Philadelphia Fish House Punch

A lazy afternoon, guaranteed.

As David Wondrich suggests in Imbibe!, Philadelphia Fish House Punch “deserves to be protected by law, taught in the schools, and made a mandatory part of every Fourth of July celebration.” The stuff was born from a group of rebellious (and most likely overheated) colonial Americans—fishermen, politicians, and Philadelphians of the like—who founded a pre-Revolution social club called the Schuylkill Fishing Company of Pennsylvania, also known as the State in Schuylkill. Its constituents actually declared the assemblage a sovereign state, and called themselves “citizens.” They still do today. Heady and heavy-handed, Fish House Punch is made for lazy summer afternoons (or—when heated and mulled—lazy, winter weekends), so we’d recommend refraining from following a punch bowl up with any sort of plans, angling or otherwise.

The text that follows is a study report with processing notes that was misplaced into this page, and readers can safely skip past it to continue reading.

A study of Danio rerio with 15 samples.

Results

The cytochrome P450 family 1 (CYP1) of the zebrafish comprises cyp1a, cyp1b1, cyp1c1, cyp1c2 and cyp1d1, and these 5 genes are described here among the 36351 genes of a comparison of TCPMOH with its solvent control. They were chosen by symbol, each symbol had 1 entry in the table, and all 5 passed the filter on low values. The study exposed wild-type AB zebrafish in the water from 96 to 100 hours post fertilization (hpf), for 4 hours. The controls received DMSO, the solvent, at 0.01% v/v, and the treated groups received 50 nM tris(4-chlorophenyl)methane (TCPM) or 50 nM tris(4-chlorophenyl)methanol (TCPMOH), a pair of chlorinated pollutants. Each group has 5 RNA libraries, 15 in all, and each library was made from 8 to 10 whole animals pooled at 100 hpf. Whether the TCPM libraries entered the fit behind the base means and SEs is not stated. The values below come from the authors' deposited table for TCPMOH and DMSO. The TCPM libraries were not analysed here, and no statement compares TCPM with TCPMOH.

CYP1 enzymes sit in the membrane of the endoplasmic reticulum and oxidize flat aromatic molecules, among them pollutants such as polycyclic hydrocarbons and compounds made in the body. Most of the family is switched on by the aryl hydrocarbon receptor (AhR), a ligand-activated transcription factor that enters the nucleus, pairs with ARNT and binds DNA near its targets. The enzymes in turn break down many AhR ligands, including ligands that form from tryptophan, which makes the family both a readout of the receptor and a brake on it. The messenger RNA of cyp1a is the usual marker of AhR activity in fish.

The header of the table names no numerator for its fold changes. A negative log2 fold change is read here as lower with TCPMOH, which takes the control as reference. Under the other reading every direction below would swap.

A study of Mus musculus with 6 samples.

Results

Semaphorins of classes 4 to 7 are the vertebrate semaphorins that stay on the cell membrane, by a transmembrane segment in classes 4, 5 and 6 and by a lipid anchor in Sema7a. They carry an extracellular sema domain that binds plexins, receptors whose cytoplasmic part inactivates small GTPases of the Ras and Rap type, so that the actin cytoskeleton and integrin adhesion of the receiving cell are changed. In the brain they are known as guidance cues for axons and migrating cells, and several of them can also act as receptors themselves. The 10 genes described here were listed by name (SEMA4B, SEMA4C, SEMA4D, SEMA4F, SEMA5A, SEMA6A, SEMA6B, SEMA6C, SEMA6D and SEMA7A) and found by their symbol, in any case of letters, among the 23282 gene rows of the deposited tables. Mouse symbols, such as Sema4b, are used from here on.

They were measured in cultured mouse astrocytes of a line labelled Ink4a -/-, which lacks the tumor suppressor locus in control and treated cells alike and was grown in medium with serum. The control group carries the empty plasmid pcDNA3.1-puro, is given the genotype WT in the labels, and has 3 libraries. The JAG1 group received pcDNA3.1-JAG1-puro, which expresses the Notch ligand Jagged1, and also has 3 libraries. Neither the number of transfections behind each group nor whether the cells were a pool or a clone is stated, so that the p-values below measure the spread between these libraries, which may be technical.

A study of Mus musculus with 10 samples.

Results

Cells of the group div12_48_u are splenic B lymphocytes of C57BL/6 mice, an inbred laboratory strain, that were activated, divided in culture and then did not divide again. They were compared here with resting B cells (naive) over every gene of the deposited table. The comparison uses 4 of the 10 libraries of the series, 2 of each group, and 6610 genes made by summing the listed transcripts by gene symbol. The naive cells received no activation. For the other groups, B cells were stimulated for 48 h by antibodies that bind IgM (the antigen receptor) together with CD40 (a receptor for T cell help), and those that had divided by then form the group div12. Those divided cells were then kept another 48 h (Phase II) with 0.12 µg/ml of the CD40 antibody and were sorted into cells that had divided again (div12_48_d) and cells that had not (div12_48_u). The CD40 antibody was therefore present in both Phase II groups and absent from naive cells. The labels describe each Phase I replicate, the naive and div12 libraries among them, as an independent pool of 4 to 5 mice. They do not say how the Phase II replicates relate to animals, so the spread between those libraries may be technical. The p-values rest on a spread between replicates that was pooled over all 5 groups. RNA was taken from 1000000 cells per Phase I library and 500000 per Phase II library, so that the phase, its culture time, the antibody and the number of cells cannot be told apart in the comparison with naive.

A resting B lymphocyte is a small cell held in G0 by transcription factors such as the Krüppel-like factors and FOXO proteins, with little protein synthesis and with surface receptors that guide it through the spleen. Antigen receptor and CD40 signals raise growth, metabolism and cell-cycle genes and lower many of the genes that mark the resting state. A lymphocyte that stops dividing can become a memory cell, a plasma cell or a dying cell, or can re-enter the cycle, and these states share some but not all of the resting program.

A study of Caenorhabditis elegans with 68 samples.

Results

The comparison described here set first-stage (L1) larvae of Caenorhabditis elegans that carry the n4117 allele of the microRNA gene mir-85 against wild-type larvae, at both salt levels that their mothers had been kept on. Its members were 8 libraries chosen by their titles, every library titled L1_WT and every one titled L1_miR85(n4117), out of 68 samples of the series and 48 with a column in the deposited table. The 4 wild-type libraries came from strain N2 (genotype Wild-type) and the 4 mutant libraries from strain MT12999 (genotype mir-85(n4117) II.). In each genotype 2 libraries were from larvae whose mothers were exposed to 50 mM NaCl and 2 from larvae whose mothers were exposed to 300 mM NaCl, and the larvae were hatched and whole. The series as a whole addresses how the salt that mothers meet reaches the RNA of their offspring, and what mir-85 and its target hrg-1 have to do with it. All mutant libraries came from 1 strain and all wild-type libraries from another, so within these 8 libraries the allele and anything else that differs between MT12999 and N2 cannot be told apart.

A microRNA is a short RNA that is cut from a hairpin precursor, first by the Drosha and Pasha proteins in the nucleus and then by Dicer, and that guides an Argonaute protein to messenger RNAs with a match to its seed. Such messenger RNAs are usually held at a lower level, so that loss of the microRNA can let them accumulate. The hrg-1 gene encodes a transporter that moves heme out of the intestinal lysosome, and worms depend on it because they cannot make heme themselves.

• 1 cup sugar
  • 4 lemons, peeled and peels reserved
  • 4 cups black tea (or water)
  • 1 cup lemon juice
  • 4 cups rum, Jamaican
  • 2 cups cognac
  • 1/2 cup peach brandy

Garnish: lemon wheels and freshly grated nutmeg

  1. In a large bowl, add sugar and lemon peels, and rub together to release the citrus oils into the sugar. (This is called oleo-saccharum.)
  2. Allow oleo-saccharum to infuse for at least 30 minutes.
  3. Dissolve sugar with warm water or tea.
  4. Add rum, cognac, lemon juice and peach brandy and stir to mix.
  5. Add a block of ice to chill, and continue to add smaller pieces of ice for desired dilution. (See Editor's Note.)
  6. Garnish with lemon wheels and freshly grated nutmeg.
  7. Ladle into individual glasses.
Editor's Note

Freezing a Bundt pan or large bowl of water overnight is PUNCH's go-to shortcut for creating a block of ice. Punch is extremely versatile, so continue to add ice for desired dilution as well as additional garnish. If a hot punch is desired, skip the ice and add ingredients to a sauce pan to warm. Serve straight from the saucepan into tempered mugs.